Coyotes now live across North America, from Alaska to Panama, California to Maine. But where they came from, and when, has been debated for decades. Using museum specimens and fossil records, researchers from the North Carolina Museum of Natural Sciences and North Carolina State University have produced a comprehensive (and unprecedented) range history of the expanding species that can help reveal the ecology of predation as well as evolution through hybridization. Their findings appeared in ZooKeys in May.
A video presenting these research findings is available for media usage here: https://www.youtube.com/watch?v=pLvZwWGYCRk
The geographic distribution of coyotes has dramatically expanded since 1900, spreading across much of North America in a period when most other mammal species have been declining. Although this unprecedented expansion has been well documented at the state/provincial scale, the continent-wide picture of coyote spread was coarse and largely anecdotal. A more thorough compilation of available records was needed. "We began by mapping the original range of coyotes using archeological and fossil records," says co-author Dr. Roland Kays, Head of the Museum's Biodiversity Lab and Research Associate Professor in NC State's Department of Forestry and Environmental Resources. "We then plotted their range expansion across North America from 1900 to 2016 using museum specimens, peer-reviewed reports, and game department records." In all, Kays and lead author James Hody reviewed more than 12,500 records covering the past 10,000 years for this study.
Their findings indicate that coyotes historically occupied a larger area of North America than generally suggested in the literature. Previous maps, as it turns out, had ancient coyotes only located across the central deserts and grasslands. However, fossils from across the arid west link the distribution of coyotes from 10,000 years ago to specimens collected in the late 1800s, proving that their geographic range was not only broader but had been established for hundreds, perhaps thousands of years, which also contradicts some widely-cited descriptions of their historical distribution.
It wasn't until approximately 1920 that coyotes began their expansion across North America. This was likely aided by an expansion of human agriculture, forest fragmentation, and hybridization with other species. Eastern expansion in particular was aided by hybridization with wolves and dogs, resulting in size and color variation among eastern coyotes.
Before too long, coyotes may no longer be just a North American species. Kays notes that coyotes are continually expanding their range in Central America, crossing the Panama Canal in 2010. Active camera traps are now spotting coyotes approaching the Darien Gap, a heavily forested region separating North and South America, suggesting that they are at the doorstep of South America.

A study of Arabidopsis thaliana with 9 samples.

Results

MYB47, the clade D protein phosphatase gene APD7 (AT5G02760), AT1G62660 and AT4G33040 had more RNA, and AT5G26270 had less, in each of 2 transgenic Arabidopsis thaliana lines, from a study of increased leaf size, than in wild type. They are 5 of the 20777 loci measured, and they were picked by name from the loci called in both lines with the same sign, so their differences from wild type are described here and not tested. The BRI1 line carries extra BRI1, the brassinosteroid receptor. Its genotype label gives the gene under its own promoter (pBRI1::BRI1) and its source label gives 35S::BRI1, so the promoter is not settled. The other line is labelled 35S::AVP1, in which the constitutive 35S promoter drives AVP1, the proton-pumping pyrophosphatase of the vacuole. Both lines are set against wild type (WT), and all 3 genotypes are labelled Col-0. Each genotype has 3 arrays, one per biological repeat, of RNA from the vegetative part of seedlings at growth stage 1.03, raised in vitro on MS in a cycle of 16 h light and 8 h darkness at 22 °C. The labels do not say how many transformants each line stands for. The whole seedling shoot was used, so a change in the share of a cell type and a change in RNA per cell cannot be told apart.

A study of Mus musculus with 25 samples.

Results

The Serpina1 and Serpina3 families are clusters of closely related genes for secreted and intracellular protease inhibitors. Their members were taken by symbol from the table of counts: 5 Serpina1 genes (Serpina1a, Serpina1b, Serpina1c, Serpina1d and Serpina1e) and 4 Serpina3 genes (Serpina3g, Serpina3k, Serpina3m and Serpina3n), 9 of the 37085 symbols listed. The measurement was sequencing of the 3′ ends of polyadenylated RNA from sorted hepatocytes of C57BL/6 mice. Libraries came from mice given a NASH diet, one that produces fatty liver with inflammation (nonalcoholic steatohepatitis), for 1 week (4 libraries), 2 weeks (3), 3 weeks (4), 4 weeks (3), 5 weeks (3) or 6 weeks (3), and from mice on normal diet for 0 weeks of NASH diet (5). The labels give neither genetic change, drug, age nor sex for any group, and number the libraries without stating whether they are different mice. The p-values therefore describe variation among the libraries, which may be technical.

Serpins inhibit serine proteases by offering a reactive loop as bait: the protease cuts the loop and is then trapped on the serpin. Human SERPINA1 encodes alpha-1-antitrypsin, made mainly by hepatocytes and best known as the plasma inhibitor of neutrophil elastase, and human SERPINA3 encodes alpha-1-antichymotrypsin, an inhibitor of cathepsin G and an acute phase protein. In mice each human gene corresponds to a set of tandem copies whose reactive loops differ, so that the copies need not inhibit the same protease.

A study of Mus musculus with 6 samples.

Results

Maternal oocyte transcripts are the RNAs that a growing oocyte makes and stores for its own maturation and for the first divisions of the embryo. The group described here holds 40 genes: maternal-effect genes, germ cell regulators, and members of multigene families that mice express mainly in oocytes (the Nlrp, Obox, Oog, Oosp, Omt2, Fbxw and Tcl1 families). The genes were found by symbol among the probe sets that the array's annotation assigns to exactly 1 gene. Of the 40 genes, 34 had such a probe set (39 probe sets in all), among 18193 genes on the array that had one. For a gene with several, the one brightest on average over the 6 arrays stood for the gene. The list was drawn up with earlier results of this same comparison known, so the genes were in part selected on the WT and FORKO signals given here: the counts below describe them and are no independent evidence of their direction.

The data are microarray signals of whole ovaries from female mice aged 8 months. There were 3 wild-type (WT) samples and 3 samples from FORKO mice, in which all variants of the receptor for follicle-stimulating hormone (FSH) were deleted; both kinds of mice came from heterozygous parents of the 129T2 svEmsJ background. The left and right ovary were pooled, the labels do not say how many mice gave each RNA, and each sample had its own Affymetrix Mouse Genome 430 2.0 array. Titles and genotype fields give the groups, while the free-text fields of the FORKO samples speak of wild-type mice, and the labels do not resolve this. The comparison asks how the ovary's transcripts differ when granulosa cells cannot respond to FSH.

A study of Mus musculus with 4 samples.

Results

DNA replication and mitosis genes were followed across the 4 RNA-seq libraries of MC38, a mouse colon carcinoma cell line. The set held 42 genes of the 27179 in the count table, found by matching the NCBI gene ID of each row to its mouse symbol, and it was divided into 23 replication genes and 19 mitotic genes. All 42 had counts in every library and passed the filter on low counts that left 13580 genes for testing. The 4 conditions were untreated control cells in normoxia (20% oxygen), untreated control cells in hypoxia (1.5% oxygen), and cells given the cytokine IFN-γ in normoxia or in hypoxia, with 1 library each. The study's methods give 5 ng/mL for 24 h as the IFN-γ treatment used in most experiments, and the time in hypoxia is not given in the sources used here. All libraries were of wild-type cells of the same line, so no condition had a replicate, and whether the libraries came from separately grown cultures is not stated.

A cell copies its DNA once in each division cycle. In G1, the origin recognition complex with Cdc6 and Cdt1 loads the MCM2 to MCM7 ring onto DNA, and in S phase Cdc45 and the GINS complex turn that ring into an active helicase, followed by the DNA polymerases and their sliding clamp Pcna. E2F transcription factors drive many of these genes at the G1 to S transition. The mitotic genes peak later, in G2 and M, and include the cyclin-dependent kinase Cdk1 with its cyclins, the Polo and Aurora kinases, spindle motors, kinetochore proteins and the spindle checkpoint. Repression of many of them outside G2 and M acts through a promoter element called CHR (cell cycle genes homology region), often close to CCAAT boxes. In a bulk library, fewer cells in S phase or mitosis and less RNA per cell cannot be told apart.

"The expansion of coyotes across the American continent offers an incredible experiment for assessing ecological questions about their roles as predators, and evolutionary questions related to their hybridization with dogs and wolves," adds Hody. "By collecting and mapping these museum data we were able to correct old misconceptions of their original range, and more precisely map and date their recent expansions.
"We hope these maps will provide useful context for future research into the ecology and evolution of this incredibly adaptive carnivore."
The study abstract below.
"Mapping the expansion of coyotes (Canis latrans) across North and Central America"
Authors: James W. Hody, North Carolina State University; Roland Kays, North Carolina Museum of Natural Sciences and North Carolina State University.
Abstract: The geographic distribution of coyotes (Canis latrans) has dramatically expanded since 1900, spreading across much of North America in a period when most other mammal species have been declining. Although this considerable expansion has been well documented at the state/provincial scale, continent wide descriptions of coyote spread have portrayed conflicting distributions for coyotes prior to the 1900s, with popularly referenced anecdotal accounts showing them restricted to the great plains, and more obscure, but data-rich accounts suggesting they ranged across the arid west. To provide a scientifically credible map of the coyote's historical range (10,000-300 BP) and describe their range expansion from 1900 to 2016, we synthesized archaeological and fossil records, museum specimens, peer-reviewed reports, and records from wildlife management agencies. Museum specimens confirm that coyotes have been present in the arid west and California throughout the Holocene, well before European colonization. Their range in the late 1800s was undistinguishable from earlier periods, and matched the distribution of non-forest habitat in the region. Coyote expansion began around 1900 as they moved north into taiga forests, east into deciduous forests, west into costal temperate rain forests, and south into tropical rainforests. Forest fragmentation and the extirpation of larger predators probably enabled these expansions. In addition, hybridization with wolves (C. lupus, C. lycaon, and/or C. rufus) and/or domestic dogs has been documented in the east, and suspected in the south. Our detailed account of the original range of coyotes and their subsequent expansion provides the core description of a large scale ecological experiment that can help us better understand the predator-prey interactions, as well as evolution through hybridization.